Background: Decompensated cirrhosis (DC) in children is the main indication of liver transplantation (LT). The lack of access to liver transplantation and impending clinical complications while awaiting transplantation affect the morbidity and mortality in pretransplant patients. Granulocyte colony-stimulating factor (G-CSF) therapy has shown promising results in adult decompensated cirrhosis as a potential bridging treatment. Our study aimed to identify the effect of G-CSF on pediatric end-stage liver disease (PELD) score, liver function, CD34+ cell mobilization, nutritional status, survival, and short-term side effects in children awaiting LT.
Methods: This study was an open-label, randomized controlled trial that included patients with decompensated liver cirrhosis between 3 months and 12 years of age. The intervention group received 12 courses of G-CSF subcutaneous injection (5 μg/kg/day) plus standard medical treatment (SMT) for liver cirrhosis. Results were obtained regarding PELD scores, liver function, CD34+ cell mobilization, changes in leukocyte and neutrophil counts, nutritional status, survival, and side effects within three months.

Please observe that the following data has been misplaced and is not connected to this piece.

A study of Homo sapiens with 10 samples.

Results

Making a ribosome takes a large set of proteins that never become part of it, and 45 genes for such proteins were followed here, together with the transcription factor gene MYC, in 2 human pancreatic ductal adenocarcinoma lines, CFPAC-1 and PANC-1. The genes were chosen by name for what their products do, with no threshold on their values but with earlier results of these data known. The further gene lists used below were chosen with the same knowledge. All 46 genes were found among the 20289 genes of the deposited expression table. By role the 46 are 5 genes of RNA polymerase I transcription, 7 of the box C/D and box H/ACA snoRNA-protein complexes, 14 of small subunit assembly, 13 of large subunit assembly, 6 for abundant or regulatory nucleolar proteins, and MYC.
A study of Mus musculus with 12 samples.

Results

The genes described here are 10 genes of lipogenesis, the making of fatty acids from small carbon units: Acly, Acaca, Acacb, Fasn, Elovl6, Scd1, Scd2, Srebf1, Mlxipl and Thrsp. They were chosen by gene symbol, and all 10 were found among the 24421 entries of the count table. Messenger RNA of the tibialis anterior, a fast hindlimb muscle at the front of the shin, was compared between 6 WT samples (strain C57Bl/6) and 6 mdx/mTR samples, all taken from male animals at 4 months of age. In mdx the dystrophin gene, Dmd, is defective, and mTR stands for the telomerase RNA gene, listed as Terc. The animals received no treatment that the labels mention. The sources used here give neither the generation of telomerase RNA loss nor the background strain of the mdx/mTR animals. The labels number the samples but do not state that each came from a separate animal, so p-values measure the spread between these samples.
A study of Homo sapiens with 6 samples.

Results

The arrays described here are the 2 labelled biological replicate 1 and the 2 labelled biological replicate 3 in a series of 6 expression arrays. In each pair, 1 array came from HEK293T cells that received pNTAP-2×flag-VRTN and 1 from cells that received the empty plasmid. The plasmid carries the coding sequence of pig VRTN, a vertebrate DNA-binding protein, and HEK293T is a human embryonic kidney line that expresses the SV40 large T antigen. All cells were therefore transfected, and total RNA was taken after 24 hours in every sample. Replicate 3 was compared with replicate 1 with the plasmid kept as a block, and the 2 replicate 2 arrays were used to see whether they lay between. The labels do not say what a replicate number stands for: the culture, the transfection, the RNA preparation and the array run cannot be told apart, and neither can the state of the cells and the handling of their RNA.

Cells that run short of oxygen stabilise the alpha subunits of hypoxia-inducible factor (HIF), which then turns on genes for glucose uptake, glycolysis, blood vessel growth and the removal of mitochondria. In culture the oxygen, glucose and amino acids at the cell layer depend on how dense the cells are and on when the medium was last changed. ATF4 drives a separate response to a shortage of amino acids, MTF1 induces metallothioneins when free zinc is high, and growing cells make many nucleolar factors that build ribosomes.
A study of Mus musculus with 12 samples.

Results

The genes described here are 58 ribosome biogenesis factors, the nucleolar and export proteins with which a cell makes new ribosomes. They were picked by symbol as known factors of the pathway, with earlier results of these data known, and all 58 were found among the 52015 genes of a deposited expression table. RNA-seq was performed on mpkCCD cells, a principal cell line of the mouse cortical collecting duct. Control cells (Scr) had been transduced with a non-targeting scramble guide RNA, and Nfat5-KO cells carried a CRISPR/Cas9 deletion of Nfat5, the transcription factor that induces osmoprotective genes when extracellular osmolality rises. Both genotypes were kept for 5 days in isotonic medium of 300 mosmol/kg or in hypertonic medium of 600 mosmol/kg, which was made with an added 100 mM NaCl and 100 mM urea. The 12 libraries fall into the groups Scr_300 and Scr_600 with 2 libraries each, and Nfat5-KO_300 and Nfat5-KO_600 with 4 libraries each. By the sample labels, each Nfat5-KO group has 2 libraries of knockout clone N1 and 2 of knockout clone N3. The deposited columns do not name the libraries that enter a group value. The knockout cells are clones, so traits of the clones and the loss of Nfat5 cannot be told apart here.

Results: Thirty-five pediatric patients were randomized into the intervention (17 patients) and control (18 patients) groups. During the trial, 14 (82%) in the intervention group completed the treatment. The median ages of the patients in the intervention and control groups were 18 and 14.5 months, respectively. The study's primary outcome identified no statistically significant difference in PELD scores between the intervention and control groups after G-CSF treatment. Liver function tests that showed significant changes in the intervention group compared to the control group were from improvements in alanine aminotransferase (ALT) levels. Other liver function tests, nutritional status, and survival did not. CD34+ cell mobilization was increased in the intervention group compared with the control group, but there was no significant difference. Minor side effects of G-CSF were observed in the intervention group.
Conclusion: Multiple doses of G-CSF did not improve the PELD score, nutritional status, and survival after three months but significantly showed temporary improvement in ALT level.